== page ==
Hard look / The banner burns
Tax cuts have been Prime Minister Benjamin Netanyahu's banner issue since the election campaign. He has doggedly supported tax cuts, contrary to most political analysts and the recommendations of all economists, including Bank of Israel governor Stanley Fischer. But yesterday he agreed to reduce his planned tax cut, which would have cost the state NIS 2.3 billion, by 50%.
Netanyahu's capitulation yesterday reinforces the complaint of his most vocal critics, that he's tractable and prone to changing his mind, depending with whom he spoke last. One of the main reasons on taxing fresh produce was the unequivocal announcement by Shas spiritual leader Rabbi Ovadia Yosef opposing VAT on fruits and vegetables. Another reason was the support his decision garnered from Likud Knesset members, even though party MKs were allowed to vote in keeping with their conscience.
At times yesterday, Netanyahu appeared ready to compromise on a gradual VAT on fresh produce, despite the announcement by Shas and several Labor MKs, who said their party would vote against the measure. In any case Netanyahu had a majority in the Finance Committee and the Knesset plenum, after United Torah Judaism and Yisrael Beiteinu pledged their support.
The prime minister's final decision runs contradicts the recommendations of all of his economic advisors. At Sunday's meeting at his bureau, he decided he would support the VAT on fruits and vegetables for two reasons: first, because there is no economic, political or ethical reason not to, and second, to prove that he is not tractable.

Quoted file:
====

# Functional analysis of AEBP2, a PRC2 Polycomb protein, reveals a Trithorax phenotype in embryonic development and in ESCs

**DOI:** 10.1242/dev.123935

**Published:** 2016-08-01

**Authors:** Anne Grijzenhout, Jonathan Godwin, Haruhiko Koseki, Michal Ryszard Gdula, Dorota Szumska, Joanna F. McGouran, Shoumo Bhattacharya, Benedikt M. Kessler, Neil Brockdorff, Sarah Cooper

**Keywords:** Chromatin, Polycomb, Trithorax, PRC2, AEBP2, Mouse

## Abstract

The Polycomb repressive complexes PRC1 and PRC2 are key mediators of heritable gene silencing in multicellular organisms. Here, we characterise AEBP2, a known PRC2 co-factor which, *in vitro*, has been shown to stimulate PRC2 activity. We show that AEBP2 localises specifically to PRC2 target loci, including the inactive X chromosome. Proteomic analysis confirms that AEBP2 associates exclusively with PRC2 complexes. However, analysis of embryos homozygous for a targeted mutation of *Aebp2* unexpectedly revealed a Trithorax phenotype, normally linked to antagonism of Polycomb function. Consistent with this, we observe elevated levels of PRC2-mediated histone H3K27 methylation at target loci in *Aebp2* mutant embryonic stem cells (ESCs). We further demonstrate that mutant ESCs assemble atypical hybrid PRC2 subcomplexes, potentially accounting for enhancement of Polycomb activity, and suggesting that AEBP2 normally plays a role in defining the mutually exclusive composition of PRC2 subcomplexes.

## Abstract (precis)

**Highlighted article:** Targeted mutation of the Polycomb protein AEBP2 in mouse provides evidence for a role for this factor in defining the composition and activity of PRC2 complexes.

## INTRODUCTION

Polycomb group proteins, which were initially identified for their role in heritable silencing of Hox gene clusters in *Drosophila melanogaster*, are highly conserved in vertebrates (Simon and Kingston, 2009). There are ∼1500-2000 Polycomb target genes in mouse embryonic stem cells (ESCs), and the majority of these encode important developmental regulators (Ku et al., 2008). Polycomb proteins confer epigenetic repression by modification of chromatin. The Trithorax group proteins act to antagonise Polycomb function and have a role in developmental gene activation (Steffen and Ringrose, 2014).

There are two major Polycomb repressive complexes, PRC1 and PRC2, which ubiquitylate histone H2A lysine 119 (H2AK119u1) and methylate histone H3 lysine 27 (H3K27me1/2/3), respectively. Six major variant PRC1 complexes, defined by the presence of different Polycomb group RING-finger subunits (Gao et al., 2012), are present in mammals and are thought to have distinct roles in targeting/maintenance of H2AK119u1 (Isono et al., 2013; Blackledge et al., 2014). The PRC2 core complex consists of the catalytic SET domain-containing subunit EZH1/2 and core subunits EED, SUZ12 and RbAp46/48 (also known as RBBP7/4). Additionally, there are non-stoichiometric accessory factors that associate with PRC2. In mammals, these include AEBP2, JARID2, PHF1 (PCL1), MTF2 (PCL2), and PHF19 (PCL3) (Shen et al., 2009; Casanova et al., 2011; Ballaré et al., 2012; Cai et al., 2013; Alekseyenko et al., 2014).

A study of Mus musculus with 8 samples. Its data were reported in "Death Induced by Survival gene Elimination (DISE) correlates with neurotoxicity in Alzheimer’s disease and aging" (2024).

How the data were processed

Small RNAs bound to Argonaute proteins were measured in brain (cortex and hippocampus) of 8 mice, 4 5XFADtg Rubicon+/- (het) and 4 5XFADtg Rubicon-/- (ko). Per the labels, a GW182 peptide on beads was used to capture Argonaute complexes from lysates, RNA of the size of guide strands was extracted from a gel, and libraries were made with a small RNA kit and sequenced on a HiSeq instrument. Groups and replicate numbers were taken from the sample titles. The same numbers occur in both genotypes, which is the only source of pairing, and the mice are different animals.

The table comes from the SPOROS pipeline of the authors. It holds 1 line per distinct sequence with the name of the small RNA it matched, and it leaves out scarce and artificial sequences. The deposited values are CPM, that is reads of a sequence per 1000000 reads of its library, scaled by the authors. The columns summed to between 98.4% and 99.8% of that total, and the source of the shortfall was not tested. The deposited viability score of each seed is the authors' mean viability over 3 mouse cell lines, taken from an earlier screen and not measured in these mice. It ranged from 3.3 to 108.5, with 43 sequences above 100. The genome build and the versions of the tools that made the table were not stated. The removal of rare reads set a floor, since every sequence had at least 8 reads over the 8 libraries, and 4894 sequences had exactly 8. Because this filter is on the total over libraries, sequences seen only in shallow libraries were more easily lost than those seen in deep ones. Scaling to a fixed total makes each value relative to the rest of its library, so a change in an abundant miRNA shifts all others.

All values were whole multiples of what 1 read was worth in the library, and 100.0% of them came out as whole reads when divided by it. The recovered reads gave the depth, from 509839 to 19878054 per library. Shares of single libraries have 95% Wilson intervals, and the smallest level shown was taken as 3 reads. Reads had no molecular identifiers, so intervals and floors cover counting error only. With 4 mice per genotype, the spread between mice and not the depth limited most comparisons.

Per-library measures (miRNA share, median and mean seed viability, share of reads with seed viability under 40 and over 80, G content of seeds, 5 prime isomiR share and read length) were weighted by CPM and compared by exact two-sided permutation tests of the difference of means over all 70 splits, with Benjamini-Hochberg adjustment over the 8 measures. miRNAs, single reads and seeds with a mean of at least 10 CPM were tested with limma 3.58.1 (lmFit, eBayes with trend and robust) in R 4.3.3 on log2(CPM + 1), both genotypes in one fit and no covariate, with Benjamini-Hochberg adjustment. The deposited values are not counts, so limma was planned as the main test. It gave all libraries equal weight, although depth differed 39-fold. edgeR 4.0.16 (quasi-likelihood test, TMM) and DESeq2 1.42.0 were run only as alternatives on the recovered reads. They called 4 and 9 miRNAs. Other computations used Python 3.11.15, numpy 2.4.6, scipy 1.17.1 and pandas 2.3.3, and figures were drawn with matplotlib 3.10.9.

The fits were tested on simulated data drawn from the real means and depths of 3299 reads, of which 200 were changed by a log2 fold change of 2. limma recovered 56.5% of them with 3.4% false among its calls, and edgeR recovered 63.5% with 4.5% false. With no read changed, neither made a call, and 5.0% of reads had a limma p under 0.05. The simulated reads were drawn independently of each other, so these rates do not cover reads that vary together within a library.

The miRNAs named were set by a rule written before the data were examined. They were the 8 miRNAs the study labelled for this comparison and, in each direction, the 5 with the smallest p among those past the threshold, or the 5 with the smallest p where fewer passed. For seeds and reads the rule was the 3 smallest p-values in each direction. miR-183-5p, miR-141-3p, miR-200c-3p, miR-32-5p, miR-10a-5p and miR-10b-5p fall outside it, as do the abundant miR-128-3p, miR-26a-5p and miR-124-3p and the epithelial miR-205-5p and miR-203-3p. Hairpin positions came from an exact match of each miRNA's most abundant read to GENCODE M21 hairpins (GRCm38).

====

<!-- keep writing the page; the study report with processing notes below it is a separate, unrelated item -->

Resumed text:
Netanyahu's consultants and cohorts thought that the VAT vote could and should be the long-awaited opportunity to prove that Netanyahu doesn't fear threats. But yesterday it turned out once again that at the decisive moment, Netanyahu consults with no one - and in the end makes the wrong decisions.
Finance Minister Yuval Steinitz was not happy with Netanyahu's decision. He's been waging bitter battle to levy VAT on fruits and vegetables, because he believed the exemption was wrong.
Steinitz argued the matter extensively with the prime minister. But then he realized that Netanyahu was starting to fold. The prime minister wouldn't go through with it.
Even though he opposed Netanyahu's position, the finance minister decided to support him, because he believes the prime minister has the final say on all things, including the economy.